The previous section D.2.b. provides a broad historical perspective on the role of conscription for military service and of how far the right to refuse to take up arms on conscientious grounds has been recognized by governments around the world, and at an international level. In the second half of the 20th century opposing compulsory military service was a major focus of peace activism in a number of Western European countries (see for example the annotated references in the Italian and Spanish sections at the end of this bibliography). The international anti-militarist War Resisters' International (WRI) supported individual conscientious objectors (COs) as well as campaigns of draft resistance. WRI also campaigned, together with other pacifist bodies, for international recognition of the right to conscientious objection. Resolutions in favour of CO rights have been passed by the Council of Europe and by the EU, and also by the UN.
After the end of the Cold War in the 1990s a total of 22 countries, especially in Europe, abandoned conscription, although it remained a part of national policy in many countries in other parts of the world. So there remained a significant role for peace activists in publicizing and opposing repressive policies of conscription, supporting COs harshly treated by their governments, and campaigning for wider and full recognition of CO rights.
The rising international tension between Russia and the west in the second decade of the 21st century, particularly since the Ukrainian Euromaidan protests of 2013-14 and the Russian annexation of Crimea in 2014, led a number of European countries (including ex-Soviet states like the Ukraine, Georgia and Lithuania) to revert to a policy of military conscription. The rise in far right nationalistic governments has also promoted glorification of the military and encouraged illiberal policies towards COs in countries like Turkey and Russia, which have never abandoned conscription.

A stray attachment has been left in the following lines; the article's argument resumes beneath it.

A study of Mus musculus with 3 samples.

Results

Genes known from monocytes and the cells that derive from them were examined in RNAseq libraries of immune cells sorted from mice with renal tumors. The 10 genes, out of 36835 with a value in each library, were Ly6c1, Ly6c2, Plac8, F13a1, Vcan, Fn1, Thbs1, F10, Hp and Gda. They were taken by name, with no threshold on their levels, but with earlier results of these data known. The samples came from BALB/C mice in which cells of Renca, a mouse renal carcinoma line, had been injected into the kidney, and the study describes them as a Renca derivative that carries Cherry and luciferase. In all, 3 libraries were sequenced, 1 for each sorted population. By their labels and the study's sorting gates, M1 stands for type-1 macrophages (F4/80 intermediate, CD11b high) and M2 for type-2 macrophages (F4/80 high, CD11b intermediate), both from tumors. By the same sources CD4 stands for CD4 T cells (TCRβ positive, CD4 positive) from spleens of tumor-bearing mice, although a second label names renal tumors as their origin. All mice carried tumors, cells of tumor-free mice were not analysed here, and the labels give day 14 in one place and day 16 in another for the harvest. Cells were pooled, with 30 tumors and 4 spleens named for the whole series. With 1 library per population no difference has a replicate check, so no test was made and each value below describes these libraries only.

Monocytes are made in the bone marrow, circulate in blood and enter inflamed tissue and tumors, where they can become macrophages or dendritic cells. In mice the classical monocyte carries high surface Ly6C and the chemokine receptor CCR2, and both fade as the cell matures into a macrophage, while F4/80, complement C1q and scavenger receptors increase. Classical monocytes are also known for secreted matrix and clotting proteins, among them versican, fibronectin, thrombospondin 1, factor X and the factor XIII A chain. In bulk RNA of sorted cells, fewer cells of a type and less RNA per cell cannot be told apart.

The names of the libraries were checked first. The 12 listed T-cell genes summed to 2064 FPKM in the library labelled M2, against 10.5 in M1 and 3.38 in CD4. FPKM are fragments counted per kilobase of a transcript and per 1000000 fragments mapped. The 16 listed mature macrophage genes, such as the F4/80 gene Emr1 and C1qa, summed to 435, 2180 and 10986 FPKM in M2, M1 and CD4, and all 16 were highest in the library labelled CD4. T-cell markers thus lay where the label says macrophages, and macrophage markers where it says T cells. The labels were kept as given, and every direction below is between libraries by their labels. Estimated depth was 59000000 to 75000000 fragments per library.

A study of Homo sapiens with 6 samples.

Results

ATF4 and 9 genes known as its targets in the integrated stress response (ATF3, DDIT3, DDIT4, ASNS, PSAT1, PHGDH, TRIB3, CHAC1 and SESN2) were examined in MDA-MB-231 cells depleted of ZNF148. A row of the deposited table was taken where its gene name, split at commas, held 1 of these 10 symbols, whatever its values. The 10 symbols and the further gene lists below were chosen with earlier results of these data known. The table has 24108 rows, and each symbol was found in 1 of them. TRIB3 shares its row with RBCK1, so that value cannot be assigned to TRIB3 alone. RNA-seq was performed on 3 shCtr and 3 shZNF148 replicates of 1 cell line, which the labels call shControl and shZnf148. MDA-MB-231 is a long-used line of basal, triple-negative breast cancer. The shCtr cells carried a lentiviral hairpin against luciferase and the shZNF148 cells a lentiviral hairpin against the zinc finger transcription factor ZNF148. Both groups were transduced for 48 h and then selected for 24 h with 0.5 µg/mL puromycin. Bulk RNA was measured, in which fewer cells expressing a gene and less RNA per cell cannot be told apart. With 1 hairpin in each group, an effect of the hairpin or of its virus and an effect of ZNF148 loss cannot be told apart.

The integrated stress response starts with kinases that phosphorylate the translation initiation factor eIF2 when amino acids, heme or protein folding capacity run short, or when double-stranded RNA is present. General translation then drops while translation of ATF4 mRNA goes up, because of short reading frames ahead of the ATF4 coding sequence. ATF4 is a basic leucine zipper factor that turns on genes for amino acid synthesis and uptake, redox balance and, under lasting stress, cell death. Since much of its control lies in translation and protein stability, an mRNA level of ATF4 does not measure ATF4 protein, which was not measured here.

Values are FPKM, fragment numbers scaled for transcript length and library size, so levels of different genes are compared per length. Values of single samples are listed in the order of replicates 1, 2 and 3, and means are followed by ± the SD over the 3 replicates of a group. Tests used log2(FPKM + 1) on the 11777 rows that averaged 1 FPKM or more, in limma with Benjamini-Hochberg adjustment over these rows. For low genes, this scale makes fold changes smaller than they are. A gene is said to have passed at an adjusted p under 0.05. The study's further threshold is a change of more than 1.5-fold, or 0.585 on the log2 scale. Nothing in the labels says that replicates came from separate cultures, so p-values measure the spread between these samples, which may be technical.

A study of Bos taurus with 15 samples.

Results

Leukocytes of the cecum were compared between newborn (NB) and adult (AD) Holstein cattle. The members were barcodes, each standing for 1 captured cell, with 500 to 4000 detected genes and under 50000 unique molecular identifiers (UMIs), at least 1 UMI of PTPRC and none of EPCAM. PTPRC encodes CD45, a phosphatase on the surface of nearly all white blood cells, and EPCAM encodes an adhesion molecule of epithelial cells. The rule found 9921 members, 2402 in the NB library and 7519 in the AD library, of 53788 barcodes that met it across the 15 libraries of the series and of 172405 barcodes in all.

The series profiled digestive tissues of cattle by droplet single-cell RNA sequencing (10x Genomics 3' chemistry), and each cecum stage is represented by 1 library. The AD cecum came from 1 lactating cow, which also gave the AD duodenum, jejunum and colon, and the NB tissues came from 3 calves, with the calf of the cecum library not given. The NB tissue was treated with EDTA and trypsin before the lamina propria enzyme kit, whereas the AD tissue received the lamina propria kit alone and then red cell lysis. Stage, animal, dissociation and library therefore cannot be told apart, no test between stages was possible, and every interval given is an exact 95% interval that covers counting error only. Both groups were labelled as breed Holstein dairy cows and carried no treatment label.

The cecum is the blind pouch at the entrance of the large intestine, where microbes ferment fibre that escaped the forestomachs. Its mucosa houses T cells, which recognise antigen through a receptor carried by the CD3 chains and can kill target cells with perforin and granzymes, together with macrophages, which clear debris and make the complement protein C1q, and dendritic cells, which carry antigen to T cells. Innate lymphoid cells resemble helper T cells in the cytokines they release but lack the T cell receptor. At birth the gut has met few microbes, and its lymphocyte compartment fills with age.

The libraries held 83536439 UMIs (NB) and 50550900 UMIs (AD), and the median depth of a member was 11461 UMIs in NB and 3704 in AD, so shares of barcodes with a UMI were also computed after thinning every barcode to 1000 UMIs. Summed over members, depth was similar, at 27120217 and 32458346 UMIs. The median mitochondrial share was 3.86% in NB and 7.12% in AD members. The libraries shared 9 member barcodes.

The treatment of COs by the Turkish government, which has never recognized a right to conscientious objection and penalizes COs in employment and access to pensions and social welfare for life (a form of 'civil death') has been condemned, by the European Court of Human Rights in many rulings since 2006. The Committee of Ministers of the Council of Europe regretted in June 2020 the lack of progress in implementing legal recognition of COs, which the Turkish government had promised.
The bitter armed conflicts which have ravaged much of the Middle East and Libya have also intensified arguments for military preparedness, while several countries in the Gulf have introduced (or reintroduced) conscription,
Some countries have, historically, seen universal military service as a central citizen duty and a means of promoting national unity, and these principles can be extended to calls for forms of compulsory civilian service. Both these principles have been invoked in the move by the French government in 2019 to reintroduce a combined military and civilian form of conscription.
This section provides a number of references that give more detail on countries reverting to, or introducing, conscription and about recognition of and provision for conscientious objection. It also includes some information about COs in particular countries and about anti-militarist protests. It notes as well the recent extension of conscription to women in Norway and Sweden.